Libyans find freedom in ruins of Gaddafi compound
Libyans are due to vote in elections in June, but after 42 years of rule by one man, they inhabit a country with virtually no experience of party politics.
Nevertheless, many Libyans are emerging from the shadow of dictatorship and actively taking back control of their own destiny.
In the new Libya, Fridays are a day of protest. Veterans of the revolution come out to demand more medical care. Secularists compete with Islamists in noisy demonstrations, sometimes on the same square simultaneously.
But nowhere, perhaps, is the victory of the individual over the state as eye-catching than among the ruins of Col Gaddafi's former compound in Tripoli.
Bab al-Aziziya had once been one of the most impregnable fortresses of the Gaddafi regime. Unless you worked there or were a member of Gaddafi's inner circle, you would be unlikely ever to see inside.
Now, on a Friday morning, the place is transformed into a thriving market. Next to a giant pile of rubble that was once a palace, old men and young boys haggle over the price of chickens.
Traders arrive in their cars or minivans selling everything from revolutionary memorabilia to flip-flops, to car parts to live canaries.
"This is my first time here," said Fareed, a middle aged man brandishing his new purchase, a book on philosophy.
"A year ago, you could not even see this place. It was a dream to be here. And that's why I have come, to have a look around and to be with the people."
For some, the people's takeover of Gaddafi's old compound has brought far more than just mercantile opportunity.
When Majda's husband left her for another woman, she and her five children were reduced to living all together in one, cramped room.
But when the walls of Bab al-Aziziya came tumbling down, she seized her opportunity.
Her new home is a five-bedroomed villa left vacant by some of Gaddafi's cronies as they fled the advancing revolution.
She doesn't have the keys to her own front door, so she has to give her daughter, Khansa, a leg-up over the garden gate, so she can let her in from the inside.
Majda's new abode was clearly still under construction when its owners fled. And so it boasts two bathrooms but no doors or windows. In the middle of winter, Majda says, it's pretty chilly.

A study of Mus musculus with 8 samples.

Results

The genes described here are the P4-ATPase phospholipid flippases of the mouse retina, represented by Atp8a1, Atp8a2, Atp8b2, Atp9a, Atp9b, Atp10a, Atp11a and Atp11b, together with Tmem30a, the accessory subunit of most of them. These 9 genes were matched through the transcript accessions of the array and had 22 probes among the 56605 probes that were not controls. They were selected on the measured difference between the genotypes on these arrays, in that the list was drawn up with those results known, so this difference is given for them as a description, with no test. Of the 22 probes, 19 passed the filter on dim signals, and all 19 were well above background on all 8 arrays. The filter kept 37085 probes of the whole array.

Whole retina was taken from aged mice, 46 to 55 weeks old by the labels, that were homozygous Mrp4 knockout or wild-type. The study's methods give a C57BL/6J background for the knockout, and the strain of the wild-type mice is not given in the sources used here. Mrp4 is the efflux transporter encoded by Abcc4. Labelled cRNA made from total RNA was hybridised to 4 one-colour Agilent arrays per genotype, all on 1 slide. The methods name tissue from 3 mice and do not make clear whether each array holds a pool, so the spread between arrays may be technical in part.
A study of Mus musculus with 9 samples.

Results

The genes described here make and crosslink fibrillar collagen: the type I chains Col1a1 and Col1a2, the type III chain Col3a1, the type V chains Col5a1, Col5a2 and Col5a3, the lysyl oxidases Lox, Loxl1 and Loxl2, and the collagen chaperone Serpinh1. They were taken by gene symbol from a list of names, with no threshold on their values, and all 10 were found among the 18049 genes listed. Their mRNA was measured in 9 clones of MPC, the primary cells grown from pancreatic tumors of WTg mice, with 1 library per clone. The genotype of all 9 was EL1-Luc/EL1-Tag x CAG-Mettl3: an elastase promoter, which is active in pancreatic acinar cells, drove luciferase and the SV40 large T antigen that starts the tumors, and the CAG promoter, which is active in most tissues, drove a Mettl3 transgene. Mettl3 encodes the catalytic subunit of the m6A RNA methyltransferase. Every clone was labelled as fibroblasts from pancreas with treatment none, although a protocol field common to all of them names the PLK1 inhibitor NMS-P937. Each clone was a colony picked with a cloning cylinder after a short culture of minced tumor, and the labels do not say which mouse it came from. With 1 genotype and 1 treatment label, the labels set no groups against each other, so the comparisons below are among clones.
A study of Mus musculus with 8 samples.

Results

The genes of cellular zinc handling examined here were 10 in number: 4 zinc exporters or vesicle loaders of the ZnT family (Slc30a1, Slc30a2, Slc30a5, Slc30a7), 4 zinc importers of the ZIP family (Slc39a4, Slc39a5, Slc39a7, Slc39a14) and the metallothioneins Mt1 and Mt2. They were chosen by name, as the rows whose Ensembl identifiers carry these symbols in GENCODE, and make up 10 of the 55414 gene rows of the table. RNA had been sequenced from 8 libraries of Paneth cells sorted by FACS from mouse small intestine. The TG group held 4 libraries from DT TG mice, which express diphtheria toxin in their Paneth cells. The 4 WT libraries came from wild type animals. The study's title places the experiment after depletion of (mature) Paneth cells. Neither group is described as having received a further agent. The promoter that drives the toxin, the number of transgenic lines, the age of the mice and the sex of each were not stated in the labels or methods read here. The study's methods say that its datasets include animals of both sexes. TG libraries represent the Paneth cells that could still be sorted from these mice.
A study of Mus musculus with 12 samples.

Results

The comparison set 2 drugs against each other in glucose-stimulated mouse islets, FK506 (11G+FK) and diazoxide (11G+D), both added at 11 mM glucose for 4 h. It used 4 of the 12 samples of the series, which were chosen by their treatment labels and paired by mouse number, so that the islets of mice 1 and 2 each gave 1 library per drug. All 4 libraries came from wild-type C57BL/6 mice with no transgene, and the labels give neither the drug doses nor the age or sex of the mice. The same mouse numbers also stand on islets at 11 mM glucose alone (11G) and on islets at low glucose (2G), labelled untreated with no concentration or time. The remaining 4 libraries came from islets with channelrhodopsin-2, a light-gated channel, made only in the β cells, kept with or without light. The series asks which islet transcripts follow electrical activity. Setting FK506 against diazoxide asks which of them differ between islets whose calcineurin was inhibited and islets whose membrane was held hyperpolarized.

But she doesn't mind the cold.
"I'm very happy now," she says, beaming at a wall she's recently painted blue.
"Gaddafi treated us like slaves while they lived in villas and castles. This revolution was about taking back out rights."
In all, 68 families have moved into vacant properties in the Bab al-Aziziya compound. Not all are as spacious as Majda's. Many are little more than military bunkers with slits for windows.
There is talk of bulldozing the whole area and turning it into a park.
The new residents may not have the deeds to their new properties, but they do believe in their rights. So they have organised themselves into an association.
"We'd be happy for this place to become a park for children," says Ali Jabber, a man with a pronounced limp who appears to be the group's spokesman.
"We're happy to stay here only as a temporary measure, so long as the government finds some other solution for us. Because under Gaddafi we never had a chance to own our own home."
So Ali and his fellow residents are petitioning the government.
Libya is a country fast growing adept at direct civic activism. The road to multi-party democracy will doubtless be a long one. But in a country used to top-down rule by a super-wealthy elite, the Bab al-Aziziya Residents' Association could be the start of something much bigger.